The Seed Catalogs Cometh

Monday night, as I walked from the train to my car, the wind was howling but the temperature clocked in at 67 degrees. Commuters, anxious to get to their cars, missed a little gift from Mother Nature. Alongside the train station I stopped to listen to a lone cricket, singing a belated song that would be more appropriate for August than early December.

The snow is surely coming, but for now it’s the 2013 seed catalogs settling down on my bedroom quilt that capture my attention. Perusing their pages before bedtime makes for sweet dreams. 

Four more catalogs arrived today — I’m up to 10 already and it’s only December. Today’s delivery included the behemoth 212-page glossy catalog from Baker Creek Heirloom Seeds. Celebrating its 15th year in business, Baker Creek’s latest offerings include 1450 varieties of rare and unique veggies, flowers and herbs. The photography is stunning, with several full pages devoted to portraits of edibles. And there are recipes: eggplant cutlets, shaved Brussels sprouts with radicchio salad with toasted walnuts, bok choy steam buns, and much more.


Seed Savers Exchange offers 100 pages of heirloom vegetables, flowers and herbs. Diane Ott Whealy and Kent Whealy founded Seed Savers Exchange in 1975 when Diane’s grandfather gave her seeds of Grandpa Ott’s morning glory and German Pink tomato. Her grandfather brought the morning glory seeds from Bavaria when his family immigrated to Iowa in the 1870s. In years past, only members of Seed Savers Exchange had access to seeds from the SSE Preservation Garden. This year, the general public can order a limited edition of special varieties. If you haven’t heard of them, do check out their web site — fascinating history, intriguing seed offerings.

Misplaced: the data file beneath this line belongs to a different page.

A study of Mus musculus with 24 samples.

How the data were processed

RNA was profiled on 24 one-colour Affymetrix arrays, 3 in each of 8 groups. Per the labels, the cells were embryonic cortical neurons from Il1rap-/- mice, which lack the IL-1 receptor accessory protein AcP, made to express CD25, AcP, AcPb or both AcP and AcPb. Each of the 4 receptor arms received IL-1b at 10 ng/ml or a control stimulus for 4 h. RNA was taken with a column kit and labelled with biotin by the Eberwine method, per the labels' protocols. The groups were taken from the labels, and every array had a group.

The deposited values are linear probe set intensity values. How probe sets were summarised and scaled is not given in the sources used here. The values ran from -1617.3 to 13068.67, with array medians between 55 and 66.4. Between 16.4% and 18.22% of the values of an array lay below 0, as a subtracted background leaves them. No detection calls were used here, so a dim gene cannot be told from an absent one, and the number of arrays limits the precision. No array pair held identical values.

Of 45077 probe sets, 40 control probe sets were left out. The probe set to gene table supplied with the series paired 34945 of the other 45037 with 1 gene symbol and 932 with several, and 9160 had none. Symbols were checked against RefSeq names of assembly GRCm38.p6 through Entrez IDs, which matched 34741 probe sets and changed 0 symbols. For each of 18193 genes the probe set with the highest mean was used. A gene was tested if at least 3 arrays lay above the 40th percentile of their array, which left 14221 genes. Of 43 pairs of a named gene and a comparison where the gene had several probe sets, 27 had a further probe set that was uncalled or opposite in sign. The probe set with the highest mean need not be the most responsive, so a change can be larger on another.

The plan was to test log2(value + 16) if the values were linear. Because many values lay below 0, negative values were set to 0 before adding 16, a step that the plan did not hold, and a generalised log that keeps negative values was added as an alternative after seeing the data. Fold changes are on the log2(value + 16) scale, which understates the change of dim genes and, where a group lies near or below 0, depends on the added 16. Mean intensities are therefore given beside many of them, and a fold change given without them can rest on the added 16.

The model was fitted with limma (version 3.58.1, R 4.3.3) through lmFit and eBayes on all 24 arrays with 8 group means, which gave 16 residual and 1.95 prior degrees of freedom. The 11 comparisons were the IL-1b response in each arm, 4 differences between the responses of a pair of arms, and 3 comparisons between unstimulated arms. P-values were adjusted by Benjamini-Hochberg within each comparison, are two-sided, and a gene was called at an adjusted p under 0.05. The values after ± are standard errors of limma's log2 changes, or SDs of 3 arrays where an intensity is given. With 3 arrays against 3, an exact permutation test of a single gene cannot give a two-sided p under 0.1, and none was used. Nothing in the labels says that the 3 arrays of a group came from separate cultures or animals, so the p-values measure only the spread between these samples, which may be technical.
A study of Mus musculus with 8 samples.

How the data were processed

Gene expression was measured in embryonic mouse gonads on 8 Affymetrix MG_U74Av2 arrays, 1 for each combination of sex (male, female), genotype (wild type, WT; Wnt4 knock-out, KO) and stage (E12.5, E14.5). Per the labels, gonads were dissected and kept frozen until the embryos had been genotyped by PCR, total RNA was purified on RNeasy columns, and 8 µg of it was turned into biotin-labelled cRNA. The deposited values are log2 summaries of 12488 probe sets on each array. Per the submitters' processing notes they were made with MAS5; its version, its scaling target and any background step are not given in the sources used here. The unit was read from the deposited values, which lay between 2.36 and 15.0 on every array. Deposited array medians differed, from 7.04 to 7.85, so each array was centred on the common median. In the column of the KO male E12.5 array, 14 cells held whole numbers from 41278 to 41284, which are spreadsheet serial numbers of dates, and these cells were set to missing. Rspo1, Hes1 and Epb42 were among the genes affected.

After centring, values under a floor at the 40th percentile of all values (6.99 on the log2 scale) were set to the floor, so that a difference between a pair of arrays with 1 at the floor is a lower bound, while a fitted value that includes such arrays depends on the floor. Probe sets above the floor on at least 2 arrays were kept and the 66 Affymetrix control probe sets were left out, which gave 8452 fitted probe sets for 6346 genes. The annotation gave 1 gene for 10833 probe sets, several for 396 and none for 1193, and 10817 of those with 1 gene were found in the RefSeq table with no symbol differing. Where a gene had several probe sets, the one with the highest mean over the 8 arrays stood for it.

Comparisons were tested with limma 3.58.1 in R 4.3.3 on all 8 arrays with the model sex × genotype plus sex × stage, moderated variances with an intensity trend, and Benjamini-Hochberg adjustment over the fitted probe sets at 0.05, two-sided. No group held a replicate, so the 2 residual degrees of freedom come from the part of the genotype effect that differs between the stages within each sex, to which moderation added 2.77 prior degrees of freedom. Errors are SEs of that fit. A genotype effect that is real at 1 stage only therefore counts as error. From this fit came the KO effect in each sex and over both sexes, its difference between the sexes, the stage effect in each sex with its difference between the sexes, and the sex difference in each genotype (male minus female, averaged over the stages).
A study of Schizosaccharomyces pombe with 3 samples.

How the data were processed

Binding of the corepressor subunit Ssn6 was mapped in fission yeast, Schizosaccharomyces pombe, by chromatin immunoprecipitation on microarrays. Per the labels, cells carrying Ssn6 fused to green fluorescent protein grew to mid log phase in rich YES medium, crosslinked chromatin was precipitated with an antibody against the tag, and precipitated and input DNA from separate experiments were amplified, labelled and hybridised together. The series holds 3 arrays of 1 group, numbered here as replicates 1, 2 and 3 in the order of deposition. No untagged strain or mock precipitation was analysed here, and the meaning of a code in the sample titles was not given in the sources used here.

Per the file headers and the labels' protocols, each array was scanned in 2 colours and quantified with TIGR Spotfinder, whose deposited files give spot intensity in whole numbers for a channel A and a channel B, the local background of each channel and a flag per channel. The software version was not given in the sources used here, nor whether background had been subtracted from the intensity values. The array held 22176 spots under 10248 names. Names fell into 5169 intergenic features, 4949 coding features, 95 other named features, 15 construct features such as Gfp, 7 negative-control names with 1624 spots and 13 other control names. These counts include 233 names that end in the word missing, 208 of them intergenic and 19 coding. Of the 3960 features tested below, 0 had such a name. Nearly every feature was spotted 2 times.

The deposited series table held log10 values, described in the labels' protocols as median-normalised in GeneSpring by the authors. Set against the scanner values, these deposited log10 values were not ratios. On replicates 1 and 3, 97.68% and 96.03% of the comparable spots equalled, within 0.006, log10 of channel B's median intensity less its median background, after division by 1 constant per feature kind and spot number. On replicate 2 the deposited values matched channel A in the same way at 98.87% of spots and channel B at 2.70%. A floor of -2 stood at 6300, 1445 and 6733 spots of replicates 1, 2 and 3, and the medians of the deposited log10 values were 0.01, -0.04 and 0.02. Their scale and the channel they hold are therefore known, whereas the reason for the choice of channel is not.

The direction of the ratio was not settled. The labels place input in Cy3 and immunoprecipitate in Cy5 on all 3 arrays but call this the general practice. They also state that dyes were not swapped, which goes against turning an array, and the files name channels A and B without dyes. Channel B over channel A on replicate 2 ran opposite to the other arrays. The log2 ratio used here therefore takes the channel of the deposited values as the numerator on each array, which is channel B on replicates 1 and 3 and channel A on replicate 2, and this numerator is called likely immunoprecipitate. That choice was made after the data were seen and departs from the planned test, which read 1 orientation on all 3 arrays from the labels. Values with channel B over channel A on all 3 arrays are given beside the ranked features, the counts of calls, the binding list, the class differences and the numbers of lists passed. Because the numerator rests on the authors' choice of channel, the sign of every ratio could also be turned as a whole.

In its 210-page catalog, Johnny’s Selected Seeds tempts gardeners with an outstanding collection of new and heirloom edibles and flowers for the casual gardener and for farmers’ market growers. All three of these catalogs serve as outstanding references and sources of inspiration for the gardening year to come.

Two smaller catalogs well worth checking out are from Dixondale Farms which is celebrating 100 years of onion plants and Totally Tomatoes

Dixondale Farms’ 10-page catalog features an assortment of onion plants, from Red Candy Apple and Ailsa Craig to Ringmaster and Walla Walla. What gardener doesn’t want to grow some fresh (and unusual) onions to taste-test in the kitchen? 

Totally Tomatoes’ name is a bit of a misnomer since the company offers a large selection cucumber, pepper, and eggplant seeds alongside its enormous assortment of tomato seeds and grafted plants. 

In the interest of stimulating the economy and providing our kitchen with fresh home-grown produce and cut flowers, I’ll be writing and revising my seed orders. Just as soon as I finish decorating the house for the holidays. 

— Nina Koziol

www.thisgardencooks.com

 

What did you think of this article?




Trackbacks
  • No trackbacks exist for this post.
Comments

Leave a comment

Submitted comments are subject to moderation before being displayed.

 Name

 Email (will not be published)

 Website

Your comment is 0 characters limited to 3000 characters.